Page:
Friday, May 25, 2012

True Sisters by Sandra Dallas *****

True Sisters by Sandra Dallas is an historical novel of the Mormon Trail and the ill-fated Martin Party that left too late in the season of 1856 ... pushing handcarts. About 25% of the party died of accidents, starvation and exposure. To put this perspective, the Donner Party had a death rate of almost 50%, but because the Donner group was so much smaller, Martin Party deaths were four times as great. This might be the worse disaster of the many treks across the plains.

The story is told through the eyes of several of the women ... a woman who was living well in England and gave up everything to be with her husband and children, even though she did not convert to Mormonism; two sisters, one married and one not; a midwife with knowledge of herbal remedies; and a young girl who escaped forced prostitution.

The women deal with cooking and washing on the trail, delivering babies, and mourning the death children and parents. This is a saga of death ... at almost every point of the journey people are dying ... those that don't die, have limbs amputated to save their lives.

Though this is a novel of strong women and sisterhood, the mid-18th century and the Mormon doctrine of plural marriages leaves these women with little alternative but to obey and support their husbands and the male leaders.

Though the Mormons are presented as friendly and supportive, the leadership seems to embody the worst of religious demagoguery. The author presents a stark contrast between the arrogant male hierarchy and the caring, supportive females caught up in the voyage. The book is a wonderful story of the historical migration across the plains to the west and the strong women who made so much of it possible.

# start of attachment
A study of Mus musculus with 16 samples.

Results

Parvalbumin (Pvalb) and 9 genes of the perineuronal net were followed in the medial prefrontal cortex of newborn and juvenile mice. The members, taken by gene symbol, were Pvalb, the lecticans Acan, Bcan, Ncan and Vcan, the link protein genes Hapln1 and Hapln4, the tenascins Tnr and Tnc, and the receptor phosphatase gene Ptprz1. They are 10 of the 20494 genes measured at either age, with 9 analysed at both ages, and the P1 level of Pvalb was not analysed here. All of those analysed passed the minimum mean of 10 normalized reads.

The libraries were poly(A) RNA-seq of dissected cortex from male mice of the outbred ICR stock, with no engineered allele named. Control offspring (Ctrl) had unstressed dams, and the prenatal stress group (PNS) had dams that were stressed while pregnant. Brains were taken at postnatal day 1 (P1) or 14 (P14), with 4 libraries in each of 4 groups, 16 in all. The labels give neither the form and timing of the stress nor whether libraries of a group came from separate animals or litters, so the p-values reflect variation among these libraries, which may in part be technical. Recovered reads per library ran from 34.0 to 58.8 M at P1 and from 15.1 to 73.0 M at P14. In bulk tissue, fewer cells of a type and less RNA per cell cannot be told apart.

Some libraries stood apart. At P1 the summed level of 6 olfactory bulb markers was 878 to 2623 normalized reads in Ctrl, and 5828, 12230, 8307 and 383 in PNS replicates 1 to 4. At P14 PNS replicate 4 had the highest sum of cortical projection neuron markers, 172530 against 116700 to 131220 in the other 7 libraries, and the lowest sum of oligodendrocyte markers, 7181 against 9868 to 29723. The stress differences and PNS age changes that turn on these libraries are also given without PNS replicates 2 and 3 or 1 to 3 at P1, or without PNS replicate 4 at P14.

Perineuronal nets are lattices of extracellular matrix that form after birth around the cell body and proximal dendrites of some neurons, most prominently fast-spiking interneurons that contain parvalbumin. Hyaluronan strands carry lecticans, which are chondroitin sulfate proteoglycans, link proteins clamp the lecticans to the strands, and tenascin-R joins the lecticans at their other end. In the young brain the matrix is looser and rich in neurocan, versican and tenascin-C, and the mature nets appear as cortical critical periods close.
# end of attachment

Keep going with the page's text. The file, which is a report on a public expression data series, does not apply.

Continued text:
1 comment:

UK said...

"True Sisters" is about the Mormon Handcart catastrophe of 1856. The Mormon leaders at that time recruited many people from Europe to come to America to eventually reside in Zion (Salt Lake City, Utah). Those immigrants had to travel to Iowa City, IA, where they were to load up handcarts and walk 1,300 miles to Salt Lake City. Many of the immigrants couldn't afford a wagon and a team of horses to make this journey. This trip to Zion was all supposed to occur before the snow storms across that region in early Fall. Though, they all got a later start than planned. One of the other biggest quandaries the travelers had was that the handcarts were made out of green wood. Because of the poor wood quality the carts often broke down and slowed the trip. This band of immigrants got caught in a horrid blizzard in Wyoming, which ends up claiming many lives and injures many more.

This book focuses on the story of several fictional women characters that are on this trek to Zion. These women include: Anne who is from England and she hasn't yet fully embraced the Mormon faith; Ella & Nannie who are from Scotland and they are sisters; Louisa, who's married to Thales, the charismatic leader of the group; and finally there's Jessie, a single young lady traveling with her two brothers. Jessie and Nannie are the only single women on this journey but, they are hoping to find marriage once they arrive in Zion. The author puts the reader right into all the hardships that befall these women. There's lack of food, terrible weather and much more. As anyone would, the women all start to have their doubts about the trip and their faith waivers.